The Oscars: Exploring Madagascar, Carnet de Voyage
Madagascar, Carnet de Voyage is a sketch-book-style journey as a European traveler confronts being a stranger in a strange land in Madagascar. As pages of his diary turn, colorful pencil sketches come to life, revealing the beautiful landscapes as well as the Famadihana customs.
Bill Desowitz: What was the experience like and how did it evolve into your film?
Bastien Dubois: When I was 21, I traveled from Lille, in the north of France to Istanbul by hitchhiking across Italy and Greece. During this trip, each day I was sketching with water colors, pencils and paint. I wanted to do a book about my trip. When I came back to France, I started to study at Supinfocom, the 3D animation school where I learnt the techniques I used to do my short.
I made a 3D test and a drawing while I was in Italy to do my first camera map. The result was impressive and gave me the idea to do my travel diary not printed, but animated! Then I met someone from Madagascar who told me about the Famadihana [the turning of the bones dance ceremony]. When I heard about it, I knew that telling that story was my subject. Then I moved to Mada for 10 months and went to a Famadihana for the first time. When I was in Madagascar, I was all the time aware of elements, details, sounds… I was going to add to the film.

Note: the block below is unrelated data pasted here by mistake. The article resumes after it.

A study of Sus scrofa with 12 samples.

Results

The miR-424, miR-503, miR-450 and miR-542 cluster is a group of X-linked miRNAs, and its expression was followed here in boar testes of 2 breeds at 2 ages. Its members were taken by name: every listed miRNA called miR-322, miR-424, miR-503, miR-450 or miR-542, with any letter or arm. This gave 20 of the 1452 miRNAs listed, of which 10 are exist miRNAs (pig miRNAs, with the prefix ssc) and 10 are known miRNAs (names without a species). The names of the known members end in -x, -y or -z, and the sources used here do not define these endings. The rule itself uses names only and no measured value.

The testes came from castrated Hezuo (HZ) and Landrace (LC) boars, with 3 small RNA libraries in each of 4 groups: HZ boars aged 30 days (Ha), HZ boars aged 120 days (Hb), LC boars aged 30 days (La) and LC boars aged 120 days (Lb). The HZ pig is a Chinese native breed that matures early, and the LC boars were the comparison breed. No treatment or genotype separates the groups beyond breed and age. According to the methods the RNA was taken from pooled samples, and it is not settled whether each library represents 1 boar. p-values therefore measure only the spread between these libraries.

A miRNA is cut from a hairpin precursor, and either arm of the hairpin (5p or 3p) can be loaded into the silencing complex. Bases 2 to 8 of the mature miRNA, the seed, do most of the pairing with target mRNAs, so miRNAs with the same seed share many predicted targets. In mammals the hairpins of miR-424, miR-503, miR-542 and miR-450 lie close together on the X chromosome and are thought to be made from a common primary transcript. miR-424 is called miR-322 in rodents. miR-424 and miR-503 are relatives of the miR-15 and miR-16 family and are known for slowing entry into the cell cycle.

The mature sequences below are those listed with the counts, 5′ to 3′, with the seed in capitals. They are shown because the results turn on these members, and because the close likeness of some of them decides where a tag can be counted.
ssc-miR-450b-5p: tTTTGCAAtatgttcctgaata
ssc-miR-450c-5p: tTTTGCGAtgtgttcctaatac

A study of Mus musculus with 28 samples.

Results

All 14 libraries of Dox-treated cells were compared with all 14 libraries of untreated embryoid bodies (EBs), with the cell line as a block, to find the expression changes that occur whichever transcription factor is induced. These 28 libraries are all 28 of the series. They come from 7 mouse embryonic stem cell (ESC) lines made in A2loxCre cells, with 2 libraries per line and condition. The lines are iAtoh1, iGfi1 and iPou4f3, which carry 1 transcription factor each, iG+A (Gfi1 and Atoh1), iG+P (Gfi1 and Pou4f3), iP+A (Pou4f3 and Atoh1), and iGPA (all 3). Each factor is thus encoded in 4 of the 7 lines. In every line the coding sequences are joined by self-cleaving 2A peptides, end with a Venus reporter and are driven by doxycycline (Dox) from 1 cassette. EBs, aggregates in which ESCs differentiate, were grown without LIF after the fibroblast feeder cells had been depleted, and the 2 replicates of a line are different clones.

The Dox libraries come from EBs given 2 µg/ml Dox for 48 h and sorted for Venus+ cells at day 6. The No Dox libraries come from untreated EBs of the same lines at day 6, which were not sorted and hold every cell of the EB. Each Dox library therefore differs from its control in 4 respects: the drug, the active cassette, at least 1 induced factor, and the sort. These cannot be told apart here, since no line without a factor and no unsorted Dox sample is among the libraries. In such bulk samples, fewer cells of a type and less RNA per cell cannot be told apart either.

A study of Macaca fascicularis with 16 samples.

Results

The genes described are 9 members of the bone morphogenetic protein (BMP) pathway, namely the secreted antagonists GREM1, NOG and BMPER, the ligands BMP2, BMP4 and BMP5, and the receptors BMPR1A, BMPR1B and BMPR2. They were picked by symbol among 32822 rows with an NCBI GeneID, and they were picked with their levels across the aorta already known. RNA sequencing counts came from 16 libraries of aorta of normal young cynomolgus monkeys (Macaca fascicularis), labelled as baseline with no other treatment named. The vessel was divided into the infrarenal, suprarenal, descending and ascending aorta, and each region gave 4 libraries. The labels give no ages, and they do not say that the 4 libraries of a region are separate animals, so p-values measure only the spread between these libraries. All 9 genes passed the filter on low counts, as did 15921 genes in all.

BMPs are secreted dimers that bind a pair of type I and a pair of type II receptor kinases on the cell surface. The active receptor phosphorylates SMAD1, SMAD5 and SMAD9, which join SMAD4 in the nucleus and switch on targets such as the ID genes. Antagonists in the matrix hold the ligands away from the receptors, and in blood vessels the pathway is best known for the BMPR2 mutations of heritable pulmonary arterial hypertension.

BD: Did you make this by yourself or did you have help?
BD: Most of the time I worked alone but during a couple months, four trainees helped me and an animator at the end of the production when I was exhausted. I spend a year-and-a-half looking for money and two years making this 12-minute short.
BD: What was the sketch-book process like? It seems so simple yet rich with possibilities.
BD: The idea came naturally in making an animated diary. The main challenge was to avoid the digital aspect. In a way, I was looking for spectacular camera movements and, at the same time, looking for a result in which you can't detect the use of computer. I did maybe 30cm high of drawings…
BD: What about all the different techniques? Watercolor, line-drawing, oil painting, charcoal?
BD: Every time I started a new shoot, I didn't know which technique I was going to use. I changed all the time depending on what I wanted to show in the shoot. There was no strategy about using a particular technique for a shot or another. I made the shots randomly, but sometimes I was using particular techniques. For example, only water techniques for the rice fields or dry techniques for the dusty part of the dance. I also used the embroidery and a stop-motion shot with little cars made of steel cans by the Madagascar children, which are two shots I like particularly.